Dancing With Downs October 19, 2018 00:00 2 Comments

A dear friend of mine who I greatly admire for many reasons, recently blew my mind when she announced she was teaching dance to people with Down syndrome. She went on to explain how incredibly rewarding it was and how much she had learnt.

I remember feeling a sense of awe at this since I was so ignorant of what I thought must be insurmountable challenges. 

So in light of it being National Down Syndrome Day tomorrow, I've asked her to share her story.


Joanne's Story

I am so happy to share my story of how I started teaching dance to children and young adults with Down syndrome. This journey has changed me forever…

A few years ago, I was teaching at a dance school in Washington State. Each Saturday I would teach an open class for anyone to join. One day a boy named Dylan who had Down syndrome came in to dance. He was so passionate about dance and was really quite good, most definitely good enough to keep up in the class.  Dylan had some triggers I was not aware of and I had no idea how to handle them or him in the class. Weeks past and he eventually left. I completely failed him.

I never felt ok that he left and that I had no idea how to include him in the class. I had no one to turn to for advice or training, and wished he did not have leave because of my inability to teach him.

But life is a funny thing. A year later I moved to the UK, and would you know it, one mile from my house was an organization called Gloucestershire Dance that specialized in inclusive dance. They gave inclusive classes for all disabilities and able-bodied dancers. They believed everyone could dance and no one should be left out. I offered myself as a volunteer teacher in exchange for training, and that’s how it all began.

The first step was getting over my belief that only young, able, strong bodies could dance. I had to start looking at why people danced, not at their body make up to dictate if they could dance.

We would have all teenagers in one class, some who had Down syndrome, some were deaf, some in wheelchairs. All of them dancing because IT FELT SO GOOD! Even if it did not look the same on everyone the effects were the same. Dance was forever changed for me in those months.

GDance, as they are known, had me in schools with children in wheelchairs, some none verbal, some autism and Down syndrome. One day there was a boy, Daniel. I will never forget him as long as I live. We would go in once a week and set classes on a theme. Each week we would teach the children a combination and add one step a week to the final dance. Daniel had severe autism as well as Down syndrome (DS-ASD) where he could not connect with anyone. He had no eye contact and was always in his own small world. But one day (luckily the day his parents came to watch) HE CONNECTED! He looked them in the eye and danced for them. He smiled, laughed and remembered all the steps from the previous weeks. He connected with his Mama!

The tears still flow as I write this, because that had to be one of the most worthy times of my whole life. I got to see it, and more than anything else, I got to feel it. His mom was a crying mess along with his teachers and the rest of us. From that moment on I knew I would give my time freely to feel the feeling of true miracles.

Walking miracles really – I believe children with special needs and those with Down syndrome were put on the earth to teach us all a little something. The problem is most people don’t stop to hear the lesson they have to share.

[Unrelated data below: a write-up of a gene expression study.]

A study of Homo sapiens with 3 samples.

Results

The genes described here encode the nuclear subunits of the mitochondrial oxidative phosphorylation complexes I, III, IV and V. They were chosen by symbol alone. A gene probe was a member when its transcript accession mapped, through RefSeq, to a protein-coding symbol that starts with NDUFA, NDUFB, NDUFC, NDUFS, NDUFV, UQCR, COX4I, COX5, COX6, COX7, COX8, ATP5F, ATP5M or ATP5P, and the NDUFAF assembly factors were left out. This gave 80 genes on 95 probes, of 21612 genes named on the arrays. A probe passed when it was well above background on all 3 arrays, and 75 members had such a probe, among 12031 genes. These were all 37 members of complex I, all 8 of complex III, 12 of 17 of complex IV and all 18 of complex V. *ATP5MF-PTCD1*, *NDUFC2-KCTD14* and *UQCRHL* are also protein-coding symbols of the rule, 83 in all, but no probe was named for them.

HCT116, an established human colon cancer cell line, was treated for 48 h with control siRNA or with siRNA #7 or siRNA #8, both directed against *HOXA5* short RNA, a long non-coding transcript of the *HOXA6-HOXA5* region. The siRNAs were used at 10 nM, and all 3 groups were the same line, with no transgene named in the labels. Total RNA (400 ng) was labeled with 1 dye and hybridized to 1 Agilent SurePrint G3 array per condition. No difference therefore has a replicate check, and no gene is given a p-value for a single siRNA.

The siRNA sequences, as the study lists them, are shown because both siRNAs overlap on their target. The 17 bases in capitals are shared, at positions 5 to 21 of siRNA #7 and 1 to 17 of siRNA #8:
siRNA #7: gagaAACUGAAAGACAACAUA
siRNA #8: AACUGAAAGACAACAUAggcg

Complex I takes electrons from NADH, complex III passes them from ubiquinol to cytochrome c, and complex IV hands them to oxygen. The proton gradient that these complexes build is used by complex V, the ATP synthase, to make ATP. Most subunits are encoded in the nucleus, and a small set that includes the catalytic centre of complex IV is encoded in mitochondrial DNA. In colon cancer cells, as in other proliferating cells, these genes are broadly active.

While living in Virginia I got to work with an amazing organization in Norfolk called MixMo (Mixed Abilities in Motion). It was an 8am class on a Saturday morning that brightened up our whole weekend. There were many volunteers of all ages from 15 years old to us 40 somethings. It was a buzzing hive of parents, siblings, volunteer drummers, doctors, all coming together to dance. Children with Down syndrome from 3 to 42-years-old participated in three classes each set to their age group or levels.

In those classes I discovered the following:


To let go of the ego

They genuinely do not care what others think about them. They really live the quote 'dance like no one’s watching'. If we could just harness even a bit of this super power they all have, I guarantee we would all be much happier.

To love freely

You will find they look you in your eyes: no judgement - no preconceived ideas of who you are - then give you a big hug. They do not hide love, control it, or hand it out in little bits.They just express it as it flows out of them.

To own it

If they do something and you praise them on a good job, the normal response is, 'I know’, or they just fully own a great job done.  For them the ‘doing’ is their focus, not the ‘what will others think of me if I do it’.

Give yourself what you need

They give themselves what they need when they need it. If they need a break they take it, if they need to do double what was asked, they do it!  

Real greetings

Saying hello and goodbye was my favorite part of my Saturdays. Each hello and goodbye is so heartfelt, so real, and so open. They are events! Imagine we could make a greeting the highlight of someone’s day.

Celebrate all victories

Nothing is too big or too small to warrant a high five to everyone in the room, a happy dance, a big hug or a nose-to-nose precious moment.


Imagine we could all live like this, how free would we all be? How loving would the world be?

I walked out each week feeling like a fraud to say I teach them. It's they who are the teachers.

And, even though I feel like I failed Dylan, I think the gift at the end was for me to start this journey … Thank you Dylan!